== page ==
This wonderful species Archidendron lucyi is found in the tropical rainforests of North Queensland as well as Melasia and the Solomon Islands. Also known commonly as scarlet bean it has the most fascinating structure - is about 70 to 120 mm long and 15 to 25 mm wide although the way it curls around disguises its length somewhat. On the following page of this excellent book below by Wendy and William Cooper is a very similar bean called the Salmon bean or Archidendron vaillantii. This is where the advice of staff at the gardens is critical due to the similarity between species - to an untrained eye its difficult to distinguish what is what. I like to double check wherever possible... as Jason Halford from the Seed lab (see post from april 19) has stated at times plant identification can require quite a bit of cross-referencing for him to be sure. I expect I may have to edit posts over the year due to the limits to my knowledge. Already this has been the case after guided tours where so much is being taken in and notes and memory fail one. It's therefore reassuring to hear from experienced staff that they also can ocassionally make false readings first up.
You can appreciate the challenge in drawing some these forms. The colour is amazing and watching them opening truly spectacular. The seeds are a blue black and in a particular light can look satin-like which adds to the intrigue of this exotic fruit from the Nth Qld rainforest.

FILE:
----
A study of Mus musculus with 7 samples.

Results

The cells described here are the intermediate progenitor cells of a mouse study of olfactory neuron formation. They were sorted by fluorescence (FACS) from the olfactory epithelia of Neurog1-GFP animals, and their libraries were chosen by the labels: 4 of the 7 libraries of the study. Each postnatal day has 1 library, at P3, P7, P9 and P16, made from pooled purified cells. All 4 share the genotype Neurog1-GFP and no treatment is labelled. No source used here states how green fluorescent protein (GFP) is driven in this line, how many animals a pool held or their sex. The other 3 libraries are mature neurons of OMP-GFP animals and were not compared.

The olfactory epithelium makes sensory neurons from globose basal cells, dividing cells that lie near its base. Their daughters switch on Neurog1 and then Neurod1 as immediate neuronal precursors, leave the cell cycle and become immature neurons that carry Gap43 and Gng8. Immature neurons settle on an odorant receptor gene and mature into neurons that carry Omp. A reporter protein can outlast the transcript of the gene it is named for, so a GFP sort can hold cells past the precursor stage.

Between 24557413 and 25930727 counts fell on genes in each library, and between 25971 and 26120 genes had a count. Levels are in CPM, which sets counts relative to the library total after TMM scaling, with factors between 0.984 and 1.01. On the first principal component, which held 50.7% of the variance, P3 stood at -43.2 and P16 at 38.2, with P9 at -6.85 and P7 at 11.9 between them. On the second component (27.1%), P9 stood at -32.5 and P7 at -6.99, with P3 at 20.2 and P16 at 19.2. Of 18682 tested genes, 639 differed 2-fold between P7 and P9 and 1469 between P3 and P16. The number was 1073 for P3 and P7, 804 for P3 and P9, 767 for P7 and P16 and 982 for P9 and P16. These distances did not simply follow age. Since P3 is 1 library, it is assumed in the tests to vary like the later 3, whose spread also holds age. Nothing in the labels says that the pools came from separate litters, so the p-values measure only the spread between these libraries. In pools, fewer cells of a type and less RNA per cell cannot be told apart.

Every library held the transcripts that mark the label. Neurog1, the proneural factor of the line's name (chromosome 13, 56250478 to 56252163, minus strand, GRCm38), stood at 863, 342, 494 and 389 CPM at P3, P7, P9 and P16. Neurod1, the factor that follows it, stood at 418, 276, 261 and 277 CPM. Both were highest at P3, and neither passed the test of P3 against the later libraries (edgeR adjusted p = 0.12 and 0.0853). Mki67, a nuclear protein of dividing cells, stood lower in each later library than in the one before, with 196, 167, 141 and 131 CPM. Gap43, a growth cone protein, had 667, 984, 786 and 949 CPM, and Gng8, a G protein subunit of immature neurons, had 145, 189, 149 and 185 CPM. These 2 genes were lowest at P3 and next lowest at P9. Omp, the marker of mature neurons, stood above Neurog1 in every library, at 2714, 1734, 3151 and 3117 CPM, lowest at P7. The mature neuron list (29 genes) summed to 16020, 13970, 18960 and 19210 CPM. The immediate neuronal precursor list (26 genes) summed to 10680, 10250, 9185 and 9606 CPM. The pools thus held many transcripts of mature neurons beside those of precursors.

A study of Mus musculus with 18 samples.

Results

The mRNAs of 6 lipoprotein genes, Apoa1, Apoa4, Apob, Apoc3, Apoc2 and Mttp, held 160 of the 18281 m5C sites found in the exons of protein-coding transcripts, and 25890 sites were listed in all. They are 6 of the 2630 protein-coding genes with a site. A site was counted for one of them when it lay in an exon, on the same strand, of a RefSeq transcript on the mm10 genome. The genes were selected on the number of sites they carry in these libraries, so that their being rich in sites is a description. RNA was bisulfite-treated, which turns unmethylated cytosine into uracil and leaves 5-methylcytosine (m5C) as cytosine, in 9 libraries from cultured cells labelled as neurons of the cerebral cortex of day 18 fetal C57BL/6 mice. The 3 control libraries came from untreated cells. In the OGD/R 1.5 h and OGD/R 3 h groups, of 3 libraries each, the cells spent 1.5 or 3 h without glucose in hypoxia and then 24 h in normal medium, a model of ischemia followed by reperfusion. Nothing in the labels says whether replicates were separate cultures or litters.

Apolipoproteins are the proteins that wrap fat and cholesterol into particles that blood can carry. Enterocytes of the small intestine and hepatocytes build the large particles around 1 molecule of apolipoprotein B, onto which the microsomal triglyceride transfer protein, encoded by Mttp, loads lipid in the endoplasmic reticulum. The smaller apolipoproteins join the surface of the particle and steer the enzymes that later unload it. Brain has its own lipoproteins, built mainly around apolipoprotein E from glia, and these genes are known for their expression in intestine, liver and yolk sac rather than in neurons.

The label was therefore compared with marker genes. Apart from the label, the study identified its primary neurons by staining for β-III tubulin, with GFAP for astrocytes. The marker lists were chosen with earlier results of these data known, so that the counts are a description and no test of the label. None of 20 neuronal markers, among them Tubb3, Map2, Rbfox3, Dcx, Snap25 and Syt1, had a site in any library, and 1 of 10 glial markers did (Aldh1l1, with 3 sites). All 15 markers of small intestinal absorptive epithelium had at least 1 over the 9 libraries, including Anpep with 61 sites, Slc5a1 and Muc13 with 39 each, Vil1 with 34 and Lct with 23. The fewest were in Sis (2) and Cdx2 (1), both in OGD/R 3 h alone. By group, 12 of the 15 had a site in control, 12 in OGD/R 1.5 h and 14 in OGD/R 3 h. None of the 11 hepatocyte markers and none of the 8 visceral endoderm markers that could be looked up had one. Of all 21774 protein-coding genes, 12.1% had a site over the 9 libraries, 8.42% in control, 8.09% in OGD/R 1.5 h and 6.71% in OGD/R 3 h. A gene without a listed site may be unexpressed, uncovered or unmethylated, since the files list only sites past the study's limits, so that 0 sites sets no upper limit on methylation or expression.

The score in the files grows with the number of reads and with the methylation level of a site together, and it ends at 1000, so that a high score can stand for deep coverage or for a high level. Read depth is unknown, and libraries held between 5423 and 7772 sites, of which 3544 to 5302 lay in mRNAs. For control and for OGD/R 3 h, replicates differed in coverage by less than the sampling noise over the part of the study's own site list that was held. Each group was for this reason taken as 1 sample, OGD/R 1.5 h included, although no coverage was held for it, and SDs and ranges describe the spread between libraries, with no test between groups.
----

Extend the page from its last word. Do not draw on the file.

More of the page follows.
This single pod is typical of the way they curl around - taking up the space of the palm of one's hand.
This post was in response to the gardener/photographer Em from the wonderful weblog Garden Fool based in the state of New York. Thanks for your query Em which I will take up further this week at the Gardens with staff there.
When researching on this species I came across a remarkable website that contains a huge archive of images taken under the microscope of inside the wood of a diverse range of trees from around the globe. I have yet to read about this site in detail from North Carolina State University. Here is the image for the wood from this rainforest species above.
Click on this below to enlarge for reading:
This particular emtry comes from the Insidewood Images collection of North Carolina State University. The site was found through google but I am finding the links dont work to this when I try and enter them. You might find a way into NCSU and then all collections at:
As you can see the images from the inside wood collection are stunning and remind me of abstract
forms not unlike ones I have been drawn to paint from time to time.